Sources of Electricity

By: Ramana Koti, Building Performance Analyst, LEED Fellow

How clean are your electricity sources?

With the building industry on the cusp of an electrification and decarbonization trend, electricity and its sources matter more than ever. The need of the hour is to simultaneously convert buildings to electricity-only and to convert the sources of the electricity to no-carbon and low-carbon alternatives. 

Here are some big picture international trends in electricity sources. 

The current state of things 

About 38% of US national electricity currently comes from low- and no-carbon sources like renewables, hydro and nuclear, with the balance generated primarily from coal and natural gas.  

The US EPA’s Emission & Generation Resource Integrated Database (eGRID) provides a comprehensive resource for the environmental characteristics of electrical power generation, including carbon intensity, which varies widely by region and state.  For instance, the latest eGRID report lists carbon intensity for Vermont at less than 50 pounds of CO2 per MWh, whereas Wyoming is over 2,000.

Germany gets around 40% of its electricity from renewables, with the rest coming from coal, nuclear, etc.

In China, now the largest global CO2 emitter, renewable sources make up 26% of electrical generation. Nuclear is at 4%, and fossil fuels, primarily coal, provide 70% of electrical generation.

What are some short-term trends? 

Despite commitments to overarching initiatives like the Paris accord, the short-term trends for several countries leave great room for improvement.  

In the U.S., and generally, in the world, renewables and related infrastructure need to scale up at a faster rate. Rural electrification and the interstate highway system are historic precedents of rapid public infrastructure investment that give reason for optimism.

Germany seems to be headed towards phasing out nuclear plants by 2022 and coal-fired plants by 2038. Renewables as a share of electricity sources, currently at 40%, are facing limits to further expansion.

China’s electrical consumption and generation have been growing rapidly.  Solar PV reached 175 GW in 2018, which is now equivalent to Germany’s installed solar PV.  However, thermal generation (primarily coal) outpaced all other sources, growing by 324 GW between 2017 and 2018 compared to a 60 GW increase in solar.

 Why does all this matter? 

Figure 2. Image source: 

We are currently at 1 °C warming globally and we have until the year 2030 to stave off warming beyond 1.5 °C and resulting consequences that would be hard to address.

Natural gas emits 50-60% lower CO2 when subjected to combustion, compared to coal. However, leakage of methane, a primary component of natural gas, is 34 times more potent than CO2 in trapping heat. Leakage represents 2.3% of US natural gas production.

For this reason, there is a push in several jurisdictions across the U.S. to phase out natural gas as a heating fuel and make buildings all-electric.

The long-term supply strategy for a cleaner electric grid appears to be phasing out natural gas and producing electricity using renewables and in some cases stopgap nuclear sources. 

What does this mean for Katerra?

Katerra has recognized this electrification and decarbonization trend in buildings and has become an early innovator and adaptor in responsive technologies.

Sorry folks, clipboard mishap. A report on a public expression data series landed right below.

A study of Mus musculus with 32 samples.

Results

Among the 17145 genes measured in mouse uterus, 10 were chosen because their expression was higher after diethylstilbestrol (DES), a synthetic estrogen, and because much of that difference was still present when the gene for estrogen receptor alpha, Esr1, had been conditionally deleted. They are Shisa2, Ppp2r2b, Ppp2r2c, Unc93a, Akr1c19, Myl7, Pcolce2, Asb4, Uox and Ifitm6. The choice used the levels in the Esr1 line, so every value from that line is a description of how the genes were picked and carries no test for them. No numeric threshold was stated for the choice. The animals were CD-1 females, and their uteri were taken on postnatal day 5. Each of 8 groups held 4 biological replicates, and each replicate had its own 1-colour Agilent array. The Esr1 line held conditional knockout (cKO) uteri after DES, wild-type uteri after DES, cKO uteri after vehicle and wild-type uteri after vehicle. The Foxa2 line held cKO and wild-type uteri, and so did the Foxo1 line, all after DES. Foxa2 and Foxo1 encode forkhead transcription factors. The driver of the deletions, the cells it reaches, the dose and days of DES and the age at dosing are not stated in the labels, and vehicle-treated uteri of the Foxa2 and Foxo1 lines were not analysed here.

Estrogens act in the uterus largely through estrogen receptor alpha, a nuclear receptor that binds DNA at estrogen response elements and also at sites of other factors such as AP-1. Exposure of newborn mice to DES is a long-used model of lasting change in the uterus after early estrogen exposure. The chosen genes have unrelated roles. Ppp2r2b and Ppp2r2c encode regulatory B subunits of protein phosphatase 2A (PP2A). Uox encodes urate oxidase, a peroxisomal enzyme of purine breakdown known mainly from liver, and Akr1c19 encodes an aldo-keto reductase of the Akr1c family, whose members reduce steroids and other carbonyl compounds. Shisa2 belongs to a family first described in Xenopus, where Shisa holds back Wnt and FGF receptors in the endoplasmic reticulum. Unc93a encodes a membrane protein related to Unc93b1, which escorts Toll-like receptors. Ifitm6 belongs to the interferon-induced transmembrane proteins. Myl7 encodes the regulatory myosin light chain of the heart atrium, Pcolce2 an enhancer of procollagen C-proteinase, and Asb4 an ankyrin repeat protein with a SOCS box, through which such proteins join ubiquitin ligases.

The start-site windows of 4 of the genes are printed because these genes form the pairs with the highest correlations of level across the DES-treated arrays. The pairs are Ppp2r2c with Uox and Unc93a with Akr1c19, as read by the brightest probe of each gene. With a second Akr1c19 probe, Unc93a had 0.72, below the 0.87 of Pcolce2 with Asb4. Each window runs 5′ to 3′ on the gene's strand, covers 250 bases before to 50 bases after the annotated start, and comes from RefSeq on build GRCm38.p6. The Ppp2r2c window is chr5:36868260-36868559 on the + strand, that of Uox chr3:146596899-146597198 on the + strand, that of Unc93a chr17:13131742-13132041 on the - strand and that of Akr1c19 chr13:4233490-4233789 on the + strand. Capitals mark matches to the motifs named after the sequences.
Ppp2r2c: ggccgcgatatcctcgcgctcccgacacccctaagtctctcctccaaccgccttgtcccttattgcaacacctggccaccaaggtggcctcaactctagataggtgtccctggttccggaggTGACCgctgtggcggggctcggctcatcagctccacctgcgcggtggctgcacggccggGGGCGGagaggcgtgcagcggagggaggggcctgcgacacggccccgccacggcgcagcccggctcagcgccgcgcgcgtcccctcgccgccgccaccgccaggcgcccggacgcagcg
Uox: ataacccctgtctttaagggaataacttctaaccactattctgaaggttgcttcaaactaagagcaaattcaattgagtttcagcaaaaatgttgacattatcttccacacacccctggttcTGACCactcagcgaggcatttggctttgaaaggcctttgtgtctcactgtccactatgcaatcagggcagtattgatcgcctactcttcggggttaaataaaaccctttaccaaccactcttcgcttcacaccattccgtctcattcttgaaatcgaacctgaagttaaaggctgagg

We have begun specifying heat pump water heaters in lieu of natural gas heaters for domestic hot water on our multifamily projects. Service water heating energy use dropped to a third compared to a minimal energy code compliant natural gas baseline. Although fuel costs negated some of this benefit in the past, this is expected to change. (Energy code changes are now beginning to provide compliance paths to specifying heat pump based all electric water heaters.) 

Katerra’s official building products brand, KOVA, is developing KOVA Comfort Intelligent HVAC, which sets a new bar for HVAC efficiency and utilizes electricity for heating, cooling, and ventilation.  

We are also leveraging our vertically integrated model to better understand and reduce environmental impacts across the end-to-end building process. 

What follows for electrification and decarbonization? 

Carbon-free electricity comes from renewable energy sources such as solar and wind. Renewable energy production ebbs and flows depending on availability of sunlight and wind whereas electricity end-users have come to rely on a supply that consistently meets demand. Maturing and increasingly affordable flexible generation technologies, i.e., battery or energy storage, will fill this gap.  

California wildfires in 2019 affected power supply including instances of planned power cuts by utility providers to prevent new wildfires from occurring. In an all-electric scenario, planned or unplanned power loss leads to loss of comfort, and in some instances, life-supporting conditions indoors. This places a greater burden on buildings to be more resilient in two ways: maintain comfort and life-supporting conditions indoors passively (sometimes referred to as passive survivability) and where possible have their own distributed sources of renewable energy and energy storage.  

One of the ongoing research areas for Katerra is to make buildings switch seamlessly between the grid, onsite renewable energy generation, and onsite energy storage. This approach requires an element of smartness to the technology that rations the energy source based on what makes the most economic and environmental sense to a given situation.